From onstage at Wednesday’s ASCAP Screen Music Awards, after “Wicked” composer Stephen Schwartz presented the Vanguard Award to Benj Pasek and Justin Paul, the young composers talked about the time back in college when they first reached out to Schwartz.
While meeting Schwartz at an event, Paul handed the composer a CD of the duo’s music. “We’re studying musical theater, and we’re huge dorks and we worship you,” he recalled saying. “And if you ever listen to this CD, we would lose our minds and we would be forever grateful just to know it went in and out of your ears for 15 seconds.”
“[Schwartz] seemed untouchable, unreachable,” said Pasek during a conversation earlier in the evening. “And yet, months and months later, we got an email, and it went on for 14 pages. He sent us a song-by-song analysis, which illuminated so many things in this craft. … It was our first deep-dive into a master class of many master classes.”
Since then, Pasek and Paul have composed the score for six-time Tony winner “Dear Evan Hansen” in addition to winning an Oscar and multiple Grammys for songs in the films “La La Land” and “The Greatest Showman.” The Vanguard Award recognizes ASCAP members whose work is helping to shape the future of music.
Hosted by actor Richard Kind at the Beverly Hilton Hotel, the American Society of Composers, Authors and Publishers’ gala honored the artists behind the year’s top film, television and video-game music.
The by-invitation affair for 800 VIP composers and top music industry insiders took place during a week that also included Thursday’s Pop Music Awards and the Musical Theatre Workshop for aspiring composers on Saturday and Sunday at the Wallis Annenberg Center for the Performing Arts in Beverly Hills.
The Henry Mancini Award for outstanding achievement in film and television music went to Oscar, Emmy and multiple-Grammy winner Michael Giacchino, known for his scores for “The Incredibles,” “Jurassic World,” “Doctor Strange,” “Spider Man: Homecoming” and other blockbuster films. The award was given for Giacchino’s body of work.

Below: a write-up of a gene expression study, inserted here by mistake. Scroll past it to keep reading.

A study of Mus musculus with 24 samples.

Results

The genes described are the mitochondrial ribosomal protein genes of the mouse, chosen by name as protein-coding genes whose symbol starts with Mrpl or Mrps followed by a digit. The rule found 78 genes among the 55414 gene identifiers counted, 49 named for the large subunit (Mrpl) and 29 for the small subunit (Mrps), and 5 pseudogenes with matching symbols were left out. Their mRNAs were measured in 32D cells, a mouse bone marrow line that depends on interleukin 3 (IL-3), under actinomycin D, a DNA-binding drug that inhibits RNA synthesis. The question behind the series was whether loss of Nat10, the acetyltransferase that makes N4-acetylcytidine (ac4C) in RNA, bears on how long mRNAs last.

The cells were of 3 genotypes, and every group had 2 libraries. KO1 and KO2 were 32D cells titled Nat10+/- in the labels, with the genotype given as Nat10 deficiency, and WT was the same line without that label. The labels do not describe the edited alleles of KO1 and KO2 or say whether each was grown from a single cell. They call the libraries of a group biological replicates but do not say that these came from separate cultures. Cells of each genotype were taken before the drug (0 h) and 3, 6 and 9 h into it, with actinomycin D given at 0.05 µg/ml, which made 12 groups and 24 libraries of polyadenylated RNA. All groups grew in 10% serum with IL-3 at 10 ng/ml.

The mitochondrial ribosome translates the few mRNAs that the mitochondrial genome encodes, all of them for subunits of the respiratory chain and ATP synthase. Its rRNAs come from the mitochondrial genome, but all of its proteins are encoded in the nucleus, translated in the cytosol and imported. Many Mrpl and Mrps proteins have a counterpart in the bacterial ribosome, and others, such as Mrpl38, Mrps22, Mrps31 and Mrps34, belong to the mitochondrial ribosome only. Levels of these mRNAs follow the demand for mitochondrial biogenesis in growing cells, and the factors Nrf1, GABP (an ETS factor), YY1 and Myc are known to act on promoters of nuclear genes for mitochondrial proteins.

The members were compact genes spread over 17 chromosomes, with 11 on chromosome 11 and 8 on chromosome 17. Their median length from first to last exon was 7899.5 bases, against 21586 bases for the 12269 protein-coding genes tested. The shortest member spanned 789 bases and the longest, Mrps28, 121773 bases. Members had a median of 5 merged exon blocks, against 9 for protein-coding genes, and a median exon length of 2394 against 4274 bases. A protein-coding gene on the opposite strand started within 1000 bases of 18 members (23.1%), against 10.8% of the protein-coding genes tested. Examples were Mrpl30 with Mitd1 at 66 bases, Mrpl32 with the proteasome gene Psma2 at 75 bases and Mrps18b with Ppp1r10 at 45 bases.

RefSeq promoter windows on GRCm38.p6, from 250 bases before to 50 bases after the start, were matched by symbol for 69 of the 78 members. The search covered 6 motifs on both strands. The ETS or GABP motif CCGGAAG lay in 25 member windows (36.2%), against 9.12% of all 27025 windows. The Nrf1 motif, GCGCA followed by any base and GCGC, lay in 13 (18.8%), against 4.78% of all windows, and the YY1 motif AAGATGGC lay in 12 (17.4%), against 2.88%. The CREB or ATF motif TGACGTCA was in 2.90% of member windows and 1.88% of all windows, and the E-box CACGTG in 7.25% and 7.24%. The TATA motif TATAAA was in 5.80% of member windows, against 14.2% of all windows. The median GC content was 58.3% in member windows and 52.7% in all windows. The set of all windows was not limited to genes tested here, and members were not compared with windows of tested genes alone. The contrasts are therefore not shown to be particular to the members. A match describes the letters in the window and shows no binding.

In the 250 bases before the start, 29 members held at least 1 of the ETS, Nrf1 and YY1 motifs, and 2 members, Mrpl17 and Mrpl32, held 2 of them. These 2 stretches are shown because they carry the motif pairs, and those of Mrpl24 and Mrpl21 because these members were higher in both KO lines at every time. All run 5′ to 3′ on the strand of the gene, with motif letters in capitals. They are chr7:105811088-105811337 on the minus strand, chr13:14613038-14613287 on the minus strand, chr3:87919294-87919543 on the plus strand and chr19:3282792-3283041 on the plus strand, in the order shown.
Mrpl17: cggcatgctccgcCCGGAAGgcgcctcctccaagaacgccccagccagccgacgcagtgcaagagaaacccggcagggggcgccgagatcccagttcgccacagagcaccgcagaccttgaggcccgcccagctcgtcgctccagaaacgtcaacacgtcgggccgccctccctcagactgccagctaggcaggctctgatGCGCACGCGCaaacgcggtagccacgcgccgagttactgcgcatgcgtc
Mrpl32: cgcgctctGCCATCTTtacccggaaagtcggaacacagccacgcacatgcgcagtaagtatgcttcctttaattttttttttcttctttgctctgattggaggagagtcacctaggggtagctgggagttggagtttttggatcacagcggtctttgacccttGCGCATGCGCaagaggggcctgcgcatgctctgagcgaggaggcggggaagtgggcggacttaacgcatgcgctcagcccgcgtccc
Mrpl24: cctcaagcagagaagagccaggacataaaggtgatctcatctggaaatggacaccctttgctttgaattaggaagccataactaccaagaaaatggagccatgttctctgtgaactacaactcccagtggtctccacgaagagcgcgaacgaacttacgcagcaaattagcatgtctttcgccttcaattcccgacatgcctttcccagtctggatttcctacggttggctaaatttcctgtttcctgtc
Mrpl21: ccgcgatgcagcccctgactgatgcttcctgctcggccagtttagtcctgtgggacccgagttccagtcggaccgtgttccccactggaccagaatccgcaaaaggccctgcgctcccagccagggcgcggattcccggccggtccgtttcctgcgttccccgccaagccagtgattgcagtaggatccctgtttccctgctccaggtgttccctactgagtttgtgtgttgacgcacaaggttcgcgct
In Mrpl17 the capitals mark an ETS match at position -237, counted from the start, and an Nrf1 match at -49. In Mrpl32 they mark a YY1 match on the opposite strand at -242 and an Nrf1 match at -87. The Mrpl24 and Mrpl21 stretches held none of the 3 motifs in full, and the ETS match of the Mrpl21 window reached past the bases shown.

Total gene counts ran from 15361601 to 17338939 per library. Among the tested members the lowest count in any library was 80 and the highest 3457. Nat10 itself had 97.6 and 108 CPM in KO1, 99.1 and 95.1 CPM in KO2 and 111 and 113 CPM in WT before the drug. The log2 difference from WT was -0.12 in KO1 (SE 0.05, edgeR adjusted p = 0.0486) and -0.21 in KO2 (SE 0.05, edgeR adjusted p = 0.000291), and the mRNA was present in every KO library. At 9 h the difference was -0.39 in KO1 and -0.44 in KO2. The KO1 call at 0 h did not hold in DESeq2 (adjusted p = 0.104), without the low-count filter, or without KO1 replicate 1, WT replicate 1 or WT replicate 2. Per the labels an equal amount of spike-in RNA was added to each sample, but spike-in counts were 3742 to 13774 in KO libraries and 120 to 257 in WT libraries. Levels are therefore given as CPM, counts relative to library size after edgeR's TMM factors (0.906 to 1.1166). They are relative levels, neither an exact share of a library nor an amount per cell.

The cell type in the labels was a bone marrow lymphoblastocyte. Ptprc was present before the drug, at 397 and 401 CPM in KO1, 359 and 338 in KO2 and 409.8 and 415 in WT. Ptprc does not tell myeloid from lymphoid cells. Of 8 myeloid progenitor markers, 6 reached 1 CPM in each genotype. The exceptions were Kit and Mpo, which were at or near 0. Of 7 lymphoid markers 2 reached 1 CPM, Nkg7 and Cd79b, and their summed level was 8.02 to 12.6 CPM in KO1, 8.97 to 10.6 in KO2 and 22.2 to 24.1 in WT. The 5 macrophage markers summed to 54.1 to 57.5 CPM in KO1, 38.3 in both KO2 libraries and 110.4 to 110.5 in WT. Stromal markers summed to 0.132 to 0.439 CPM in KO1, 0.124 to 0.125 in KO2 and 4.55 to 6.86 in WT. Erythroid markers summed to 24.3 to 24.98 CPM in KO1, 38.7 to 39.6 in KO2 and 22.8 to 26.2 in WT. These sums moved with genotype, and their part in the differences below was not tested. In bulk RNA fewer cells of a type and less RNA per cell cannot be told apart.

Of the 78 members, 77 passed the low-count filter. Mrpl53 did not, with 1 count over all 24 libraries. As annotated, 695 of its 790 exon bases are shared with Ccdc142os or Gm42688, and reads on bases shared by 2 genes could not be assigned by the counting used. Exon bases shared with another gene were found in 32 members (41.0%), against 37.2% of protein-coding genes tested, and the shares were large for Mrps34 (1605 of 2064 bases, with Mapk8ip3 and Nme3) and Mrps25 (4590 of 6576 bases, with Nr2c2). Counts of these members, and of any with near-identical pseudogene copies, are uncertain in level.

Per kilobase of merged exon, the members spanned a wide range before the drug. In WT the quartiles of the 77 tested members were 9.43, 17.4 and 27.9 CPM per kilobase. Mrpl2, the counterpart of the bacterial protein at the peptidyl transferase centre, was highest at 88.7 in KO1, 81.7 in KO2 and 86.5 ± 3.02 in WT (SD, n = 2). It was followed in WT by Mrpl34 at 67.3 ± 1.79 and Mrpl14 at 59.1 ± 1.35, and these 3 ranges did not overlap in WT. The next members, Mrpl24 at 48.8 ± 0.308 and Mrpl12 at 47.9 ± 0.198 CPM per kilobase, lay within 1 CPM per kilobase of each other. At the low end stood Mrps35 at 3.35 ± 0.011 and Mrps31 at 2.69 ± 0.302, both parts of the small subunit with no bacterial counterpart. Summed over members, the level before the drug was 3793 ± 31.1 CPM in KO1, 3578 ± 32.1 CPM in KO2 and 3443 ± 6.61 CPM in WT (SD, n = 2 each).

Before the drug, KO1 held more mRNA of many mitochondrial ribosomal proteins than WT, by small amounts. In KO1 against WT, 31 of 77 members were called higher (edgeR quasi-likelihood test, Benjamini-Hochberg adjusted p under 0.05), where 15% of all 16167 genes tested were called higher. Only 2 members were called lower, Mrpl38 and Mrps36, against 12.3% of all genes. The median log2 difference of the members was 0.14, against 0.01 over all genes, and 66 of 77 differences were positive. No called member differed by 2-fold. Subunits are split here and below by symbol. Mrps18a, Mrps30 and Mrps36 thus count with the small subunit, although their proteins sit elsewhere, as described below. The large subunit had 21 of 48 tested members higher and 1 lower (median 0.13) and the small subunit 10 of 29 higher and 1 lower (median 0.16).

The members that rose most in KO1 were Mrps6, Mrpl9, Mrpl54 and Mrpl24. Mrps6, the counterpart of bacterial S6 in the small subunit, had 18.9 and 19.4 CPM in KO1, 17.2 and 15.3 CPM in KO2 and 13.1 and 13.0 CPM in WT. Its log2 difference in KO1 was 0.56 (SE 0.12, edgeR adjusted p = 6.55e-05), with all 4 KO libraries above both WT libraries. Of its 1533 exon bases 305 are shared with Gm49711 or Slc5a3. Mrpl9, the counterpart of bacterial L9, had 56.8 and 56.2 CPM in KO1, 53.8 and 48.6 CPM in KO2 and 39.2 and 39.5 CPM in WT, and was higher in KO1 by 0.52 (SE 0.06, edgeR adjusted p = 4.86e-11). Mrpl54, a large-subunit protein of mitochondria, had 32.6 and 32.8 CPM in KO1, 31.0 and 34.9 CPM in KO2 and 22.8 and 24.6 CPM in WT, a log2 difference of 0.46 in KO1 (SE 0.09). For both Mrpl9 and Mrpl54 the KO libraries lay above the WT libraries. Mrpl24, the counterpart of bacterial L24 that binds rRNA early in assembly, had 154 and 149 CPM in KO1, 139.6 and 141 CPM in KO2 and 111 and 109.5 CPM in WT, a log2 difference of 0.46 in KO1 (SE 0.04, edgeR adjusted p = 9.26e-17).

“Captain Marvel” composer Pinar Toprak received the Shirley Walker Award, named for an early — and at-the-time-rare — female Hollywood composer. The award honors contributions to diversity in film and TV music. Toprak, the first woman ever to score a billion-dollar film, also created the music for the video-game sensation, “Fortnite.”
The awards recognized many other composers and songwriters for their work during the past year. Here’s a complete list of winners.
To punctuate the awards presentations, Keala Settle and Tim Davis, respectively, belted out “This Is Me” and “Come Alive” from “The Greatest Showman.” Settle starred in the film as the bearded lady, and Davis is the noted vocal arranger for Fox’s “Glee,” Lady Gaga’s Super Bowl show and Barbra Streisand’s 2017 concert tour.
Before the evening ended, the orchestra played Toprak’s theme from the animated short “Purl” and a medley of Giacchino’s many scores.
On the subject of “Fortnite,” Toprak said, “When my agent told me about the game, I thought she just misspelled the name. I thought it was a cool game but had no idea how big it was going to get. It’s been one of the best surprises in my career.”
In a conversation during dinner, Emmy-winning composer Bear McCreary called video games “the medium where today’s young people discover orchestral music. When I was growing up, it was in film where you heard orchestral music. But today, films are little bit more homogenized and have a certain sound.
“So, you may not hear many flute solos, oboe solos or a classical choir,” he continued. “Yet you hear that in games, where more chances are taken, where there’s less oversight and a more open, creative environment and more crucially … it’s not two hours. A game can last 100 hours. Rather than getting tired of this music, fans and young people fall further in love with this music.”
The Screen Music Awards came in the midst of a week of ASCAP events that began with a May 13 fundraiser to benefit the ASCAP Foundation’s music education programs.
Staged at the home of Tita Cahn, widow of Academy Award-winning songwriter Sammy Cahn, the evening featured Schwartz at the piano, serenading the crowd with a five-song set.